Step and mess art2 min read . Updated: 31 Aug 2012, 09:06 PM IST
Step and mess art
Step and mess art
It’s not every day that an artist goads you to step on to his artwork. One of the works at Latitude 28’s new show Glitch Frame Lollipop—which utilizes the idea of a “glitch" in the artistic process—is meaningful only if you step on it.
The exhibition is in two parts: the main exhibition, where three friends and artists, Siddhartha Kararwal, Amitabh Kumar and Prayas Abhinav, articulate their thoughts on glitching and contemporary art; and the second, The Glitch Forum Project, which focuses entirely on glitching.
“Glitch is a common idea, with a place in common parlance. It means an error that is minor, not a total dysfunction, and yet intended," says Abhinav, an artist-writer who teaches at the Srishti School of Art, Design and Technology, Bangalore. “We wanted to take the idea of a glitch and see what it does in the broader art space which expects certain things. When there’s a glitch, you see something contrary to your expectation," says Abhinav.
The Glitch ForumProject, which is housed on the second level of the gallery, came out of a Facebook group discussion in July. “It was a brainstorming session to ideate on how to represent and make glitch in art. People came up with suggestions like ‘let a teething puppy into an art space’, etc.," says Hemant Sareen, whose photography installation (Polaroid: 2009-2012) is on display. It’s a series of Polaroids, each a product of an accident or a glitch, and not something Sareen could have achieved with intention. “Beginning with Louise Daguerre and Claude Niepce, who figured out the right chemical—mercury spilt in their chemical cabinet—to create the images we take for granted now, photographic accidents have been as feared as they have been welcome. With so many variables to control, things are bound to get out of hand," he says. “In the same spirit, I nominate these photographs manqué, as works of art where glitch has been the author, an autonomous, creative agent," he says. One of the photographs in this series, for example, looks bleached, with just a semblance of a figure visible.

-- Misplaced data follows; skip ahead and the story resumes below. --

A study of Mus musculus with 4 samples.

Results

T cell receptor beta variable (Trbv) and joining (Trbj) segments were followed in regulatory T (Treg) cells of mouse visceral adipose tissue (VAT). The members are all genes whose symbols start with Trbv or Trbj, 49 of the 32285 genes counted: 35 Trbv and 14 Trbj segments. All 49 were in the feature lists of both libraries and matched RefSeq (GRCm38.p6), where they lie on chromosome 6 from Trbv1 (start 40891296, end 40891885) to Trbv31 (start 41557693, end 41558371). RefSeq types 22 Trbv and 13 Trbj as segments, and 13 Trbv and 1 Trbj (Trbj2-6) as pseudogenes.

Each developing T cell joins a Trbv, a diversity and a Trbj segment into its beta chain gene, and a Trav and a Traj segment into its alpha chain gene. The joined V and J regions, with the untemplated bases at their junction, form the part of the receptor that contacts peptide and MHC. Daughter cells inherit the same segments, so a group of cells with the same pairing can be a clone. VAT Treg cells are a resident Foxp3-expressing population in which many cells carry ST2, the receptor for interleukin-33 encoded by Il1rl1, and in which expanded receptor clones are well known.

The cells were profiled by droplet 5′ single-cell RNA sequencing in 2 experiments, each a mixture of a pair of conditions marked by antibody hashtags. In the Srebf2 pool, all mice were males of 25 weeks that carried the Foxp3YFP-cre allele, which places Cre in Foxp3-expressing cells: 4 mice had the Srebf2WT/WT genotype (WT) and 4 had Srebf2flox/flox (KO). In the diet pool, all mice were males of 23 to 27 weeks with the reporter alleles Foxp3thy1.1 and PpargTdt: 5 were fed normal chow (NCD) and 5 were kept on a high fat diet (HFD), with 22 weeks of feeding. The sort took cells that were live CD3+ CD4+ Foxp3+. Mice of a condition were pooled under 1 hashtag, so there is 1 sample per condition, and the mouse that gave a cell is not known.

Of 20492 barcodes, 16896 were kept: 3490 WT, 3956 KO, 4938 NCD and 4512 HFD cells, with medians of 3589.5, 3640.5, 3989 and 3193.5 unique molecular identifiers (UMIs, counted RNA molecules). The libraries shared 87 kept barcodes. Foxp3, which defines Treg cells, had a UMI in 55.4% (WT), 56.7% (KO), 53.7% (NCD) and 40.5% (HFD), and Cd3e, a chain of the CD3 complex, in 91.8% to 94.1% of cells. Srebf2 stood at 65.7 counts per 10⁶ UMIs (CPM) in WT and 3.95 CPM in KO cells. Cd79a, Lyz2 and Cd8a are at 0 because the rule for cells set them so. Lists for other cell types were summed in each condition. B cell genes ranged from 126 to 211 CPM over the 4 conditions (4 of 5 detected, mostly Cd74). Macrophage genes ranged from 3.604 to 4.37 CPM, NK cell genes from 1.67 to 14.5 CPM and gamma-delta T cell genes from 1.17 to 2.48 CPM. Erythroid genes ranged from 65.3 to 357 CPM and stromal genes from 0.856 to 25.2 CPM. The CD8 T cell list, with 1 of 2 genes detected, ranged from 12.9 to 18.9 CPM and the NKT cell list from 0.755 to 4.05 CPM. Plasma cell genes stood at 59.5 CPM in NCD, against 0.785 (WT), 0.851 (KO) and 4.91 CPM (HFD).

Not all the artworks in the exhibition are about glitching. One of the pieces is a new video by Abhinav, coupled with a sculpture by Kararwal. A tiny figure projected on the screen is constantly trying to sit on a chair; both entities keep changing position. “This looks at the recursive process of desire, and how the chase is more interesting," says Abhinav.
Glitch Frame Lollipop is on till 17 September at Latitude 28, F-208, Lado Sarai, Delhi.